Paul Revere

Tomorrow is the actual Patriot’s Day here in Massachusetts, we just celebrate on the third Monday of April each year. However, tomorrow is also the first day of tours for us and I have the afternoon tour.

I have spent the last hour or so, looking over my notes and books from last year to refresh my memory and hoping that the jerk from Concord who interrupted my talk the other day does not have a cousin who will be walking with me for an hour.

I mean, really, do you think that the tourists care what famous people came from my hometown? I can only name 2 anyways, most of the rest were imported for the private high school and left soon after.

Paul Revere Gets His Horse
Paul Revere Gets His Horse

Anyways, I have printed up a copy of the Midnight Ride of Paul Revere…generally, you have someone on your tour who is about 58-65 who was made to memorize the poem as a younger child. The last paragraph makes a nice ending for our long walk together, though…

“So through the night rode Paul Revere;
And so through the night went his cry of alarm
To every Middlesex village and farm,
A cry of defiance, and not of fear,
A voice in the darkness, a knock at the door,
And a word that shall echo for evermore!
For, borne on the night-wind of the Past,
Through all our history, to the last,
In the hour of darkness and peril and need,
The people will waken and listen to hear
The hurrying hoof-beats of that steed,
And the midnight message of Paul Revere”
~ Henry Wadsworth Longfellow

If you are in the area tomorrow night, the annual Lantern Ceremony is taking place at Old North Church. It is an interesting event to go to as you get to see the Church completely full, including a fife corps, and hear from a variety of people. There is also an event at the Charlestown Navy Yard after the ceremony.

After this weekend, work ramps up, school ramps up, my family situation ramps up, and parties galore are happening. Looks like I won’t get too much sleep till November.


7 thoughts on “Paul Revere

  1. I picked up a book called Founding Myths the other day and it says that most of what we know about Paul Revere’s ride is fiction. Revere wrote an account not long after the actual event, but the popular conception comes from the poem. I was wondering if you’re aware of the book and what it says. Thanks!

    1. Most of what we think we know about Paul Revere’s ride is complete fiction made up by Longfellow and others, and repeated by multitudes of people. When I talk to people about PR I talk about William Dawes and Samuel Prescott.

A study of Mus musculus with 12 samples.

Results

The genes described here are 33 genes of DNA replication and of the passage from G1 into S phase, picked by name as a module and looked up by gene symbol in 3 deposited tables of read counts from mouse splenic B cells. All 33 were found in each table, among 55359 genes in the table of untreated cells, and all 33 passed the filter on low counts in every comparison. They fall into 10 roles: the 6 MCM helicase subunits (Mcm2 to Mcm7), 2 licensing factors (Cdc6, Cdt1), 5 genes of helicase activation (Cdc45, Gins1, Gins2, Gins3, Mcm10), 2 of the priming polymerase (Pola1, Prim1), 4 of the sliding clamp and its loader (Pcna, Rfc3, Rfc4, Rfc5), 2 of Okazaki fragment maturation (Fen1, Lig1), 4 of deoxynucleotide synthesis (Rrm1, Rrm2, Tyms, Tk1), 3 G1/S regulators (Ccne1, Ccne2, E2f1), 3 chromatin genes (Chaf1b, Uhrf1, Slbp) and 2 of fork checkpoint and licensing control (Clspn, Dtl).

I have not seen that book but it sounds like it would be a great addition to my library. How do you like it so far?

      BTW, did not know that a discussion about the new BK could turn into that drivel! Makes me happy that I’m mostly alone over here in my corner 🙂

  2. I found the book in a used bookstore and I skimmed half of it there and then bought it because it was $4. The first chapter was Paul Revere, which of course was timely because of the holiday. I had heard of Dawes and Prescott, but the context that the book puts it in is much different than the myth. It was the same when I read “Lies My Teacher Told Me.” Being a teacher, I had to read that.

    Whenever a topic catches on over at my blog it quickly moves toward drivel. That’s not to say that there aren’t many good comments, but some people just like to hurl insults and display their narrow-mindedness. When I started the blog I had no expectation that anyone except a few friends would ever see it, never mind that I’d have to moderate comments.

  3. The main branch here in Eastie has it, I think I might need to take a little walk down there tomorrow. A lot of history is total crap, at least a lot of the stories that get passed from parents to children. I have had to correct/teach people about the American Revolution, Boston history, and World War II a lot over the last few years with my job.

    I’ve noticed that a lot more hateful people have been coming out of the woodwork over at the stories that allow comments. Its very depressing, but then I figured that most people who aren’t like that don’t comment.